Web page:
Review: Lumen, Sutapa Biswas, Baltic Centre for Contemporary Art, Gateshead
We are beginning to emerge from our 15-month hibernation. For many of us, our priority is being able to access the arts in a physical way, close up and in-person, as opposed to a screen.
BALTIC, the iconic former flour mill situated on the south bank of the River Tyne, is one of the most important centres for contemporary art globally and its latest exhibition, LUMEN, chimes perfectly with current societal shifts.
LUMEN is a major new solo exhibition which spans the extensive career of Bengal-born artist Sutapa Biswas. Biswas’s work first received acclaim in 1985 when she exhibited as part of The Thin Black Line at London’s Institute of Contemporary Arts. The artist has an encyclopaedic interest in the relationships between colonial histories and gender, race and class, and her work explores both personal and historical narratives. Eager to claim the label of a disrupter and challenger to established western art history, she acknowledges this was a challenge while studying Fine Art and Art History at the University of Leeds, because she describes herself at 21 as “a really good artist – and cute”.
Her 1985 work Housewives with Steak-knives, in which she re-imagined a housewife as Kali, the Goddess of Destruction, established Biswas as an influential member of the Black Arts Movement and with tectonic change occurring because of a Thatcher government, civil rights action and apartheid, a new moment for questioning the status quo through art had arrived.
Lumen is a carefully curated selection of moving images, photographs and drawings that are connected by themes which have been at the heart of Biswas’s work for almost 40 years and include motherhood, migration, memory, loss and temporality. Her work invite us to consider time and space in relation to our own histories and relationships, while simultaneously highlighting unsettling truths around Empire and power.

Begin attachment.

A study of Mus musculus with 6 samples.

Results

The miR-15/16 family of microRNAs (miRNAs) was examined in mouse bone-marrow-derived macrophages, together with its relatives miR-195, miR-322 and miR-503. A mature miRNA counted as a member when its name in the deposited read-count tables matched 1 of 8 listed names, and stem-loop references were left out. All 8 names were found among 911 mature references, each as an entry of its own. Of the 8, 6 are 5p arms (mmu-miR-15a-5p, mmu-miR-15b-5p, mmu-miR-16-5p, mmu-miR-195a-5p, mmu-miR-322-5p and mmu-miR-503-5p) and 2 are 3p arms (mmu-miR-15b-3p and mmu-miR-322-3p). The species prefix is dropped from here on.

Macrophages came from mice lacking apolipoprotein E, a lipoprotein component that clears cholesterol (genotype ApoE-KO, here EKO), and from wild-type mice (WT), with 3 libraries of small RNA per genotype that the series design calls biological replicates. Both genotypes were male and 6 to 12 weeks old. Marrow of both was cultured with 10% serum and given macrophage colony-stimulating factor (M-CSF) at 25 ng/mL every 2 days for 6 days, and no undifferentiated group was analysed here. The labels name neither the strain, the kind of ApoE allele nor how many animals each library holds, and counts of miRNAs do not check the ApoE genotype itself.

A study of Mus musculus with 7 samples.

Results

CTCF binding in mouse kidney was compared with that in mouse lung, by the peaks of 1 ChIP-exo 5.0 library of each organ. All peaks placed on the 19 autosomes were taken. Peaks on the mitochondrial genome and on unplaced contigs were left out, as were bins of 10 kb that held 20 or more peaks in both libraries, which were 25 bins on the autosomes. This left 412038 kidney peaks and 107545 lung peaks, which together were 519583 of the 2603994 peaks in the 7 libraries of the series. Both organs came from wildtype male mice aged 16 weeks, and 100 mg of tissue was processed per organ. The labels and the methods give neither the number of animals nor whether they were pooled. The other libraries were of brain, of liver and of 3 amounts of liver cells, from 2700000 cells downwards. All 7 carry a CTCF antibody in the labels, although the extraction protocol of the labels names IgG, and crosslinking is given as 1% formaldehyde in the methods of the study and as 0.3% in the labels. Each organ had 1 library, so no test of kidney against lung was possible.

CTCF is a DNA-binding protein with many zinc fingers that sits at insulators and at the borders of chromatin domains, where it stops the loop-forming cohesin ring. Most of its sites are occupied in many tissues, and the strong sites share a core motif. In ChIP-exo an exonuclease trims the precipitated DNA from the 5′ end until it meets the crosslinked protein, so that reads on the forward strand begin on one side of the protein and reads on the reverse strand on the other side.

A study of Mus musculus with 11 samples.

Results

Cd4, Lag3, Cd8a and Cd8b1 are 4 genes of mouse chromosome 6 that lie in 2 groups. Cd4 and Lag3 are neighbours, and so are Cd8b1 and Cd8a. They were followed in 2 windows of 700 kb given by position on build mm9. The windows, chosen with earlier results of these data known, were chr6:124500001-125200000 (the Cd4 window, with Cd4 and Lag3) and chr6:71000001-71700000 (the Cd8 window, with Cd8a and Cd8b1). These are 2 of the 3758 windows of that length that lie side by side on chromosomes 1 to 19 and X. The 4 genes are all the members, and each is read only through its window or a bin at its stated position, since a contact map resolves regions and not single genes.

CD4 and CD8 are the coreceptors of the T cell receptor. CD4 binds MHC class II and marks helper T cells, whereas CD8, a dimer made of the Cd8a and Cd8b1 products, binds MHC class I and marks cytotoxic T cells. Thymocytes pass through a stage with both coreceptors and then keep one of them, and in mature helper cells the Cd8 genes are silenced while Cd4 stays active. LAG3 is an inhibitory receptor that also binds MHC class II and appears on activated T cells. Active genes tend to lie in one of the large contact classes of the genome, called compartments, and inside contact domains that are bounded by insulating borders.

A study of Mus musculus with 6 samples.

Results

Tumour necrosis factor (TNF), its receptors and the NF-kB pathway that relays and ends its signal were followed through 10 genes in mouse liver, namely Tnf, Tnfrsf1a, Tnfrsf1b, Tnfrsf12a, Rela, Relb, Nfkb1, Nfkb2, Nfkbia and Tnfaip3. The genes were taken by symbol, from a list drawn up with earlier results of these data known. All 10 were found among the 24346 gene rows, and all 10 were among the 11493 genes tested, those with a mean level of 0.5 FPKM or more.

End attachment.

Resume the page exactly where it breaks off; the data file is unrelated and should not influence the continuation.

With Remembrance of Things Past (2006), Biswas created a sensitive piece of film that recorded the thoughts of young people from Toronto. The film asks what they imagine the world expects from them, while observing them from a distance, a moment highlighting the often-difficult transition through adolescence.
Synapse 1 (1987-92) is a series of hand-printed black and white photographs, taken during the artist’s first trip to India since leaving in 1966. Biswas uses her own naked body as a screen for projection. The title references the synaptic structures of the body’s nervous system responsible for transfer of information. The images were taken in locations that Biswas yearned to reconnect with in a bid to explore family history, belonging and desire.
Meanwhile, Time Flies is an ongoing project, which began in 2004, and is a beautifully arranged collection of bird drawings – some real, some imagined. The drawings reflect on a passage in Marcel Proust’s In Search of Lost Time. Biswas examines taxidermy and colonial art where birds were a familiar subject. The work also considers grief and loss and is a direct tribute to her own father, who clearly played a huge part in informing her view of the world and who she describes as being ‘birdlike’.
Light Rain (2014-21) is a two-screen installation shot in Beppu, Japan. Clouds of steam are captured rising from between buildings, that with the ambient sounds of traffic, provide a contradictory vision. The staggered timings of the neighbouring films accentuates the passing of time, together with providing a sharpened awareness of ongoing volcanic activity in the region.
In another dramatic two-screen installation, Birdsong (2004) captures a moment that was inspired by the artist’s son’s first words. Incredibly precious images also reference George Stubbs’s Shooting at Goodwood from 1759, which includes a black servant in yellow and scarlet livery, seemingly staring beyond the immediate activity, perhaps into an imagined future.
And Lumen (2021), which is Biswas’s most recent work, deploys monologue to tell (semi-fictional) stories of her mother and grandmother’s lives. Inspired by the family’s journey from Mumbai to Dover, stories of displacement and migration are interwoven with colonial histories from the British Raj. Shot on location in India and Bristol, the film references maritime histories very similar to those associated with the River Tyne.
The final element of the exhibition is Magnesium Bird (2004), a beautifully shot film that observes fantastical birds sculpted from magnesium ribbon ignite in the evocative setting of a walled garden at Harewood House, the Yorkshire seat of the Lascelles family. Filmed in a location created directly from the wealth garnered through Caribbean sugar plantations, the work is a meditation on the fleeting nature of our existence.
Image credit: Rob Harris
Lumen is showing at the Baltic Centre for Contemporary Art in Gateshead until 20 March, 2022. Tickets, which are free, can be booked at baltic.art/visit/planvisit.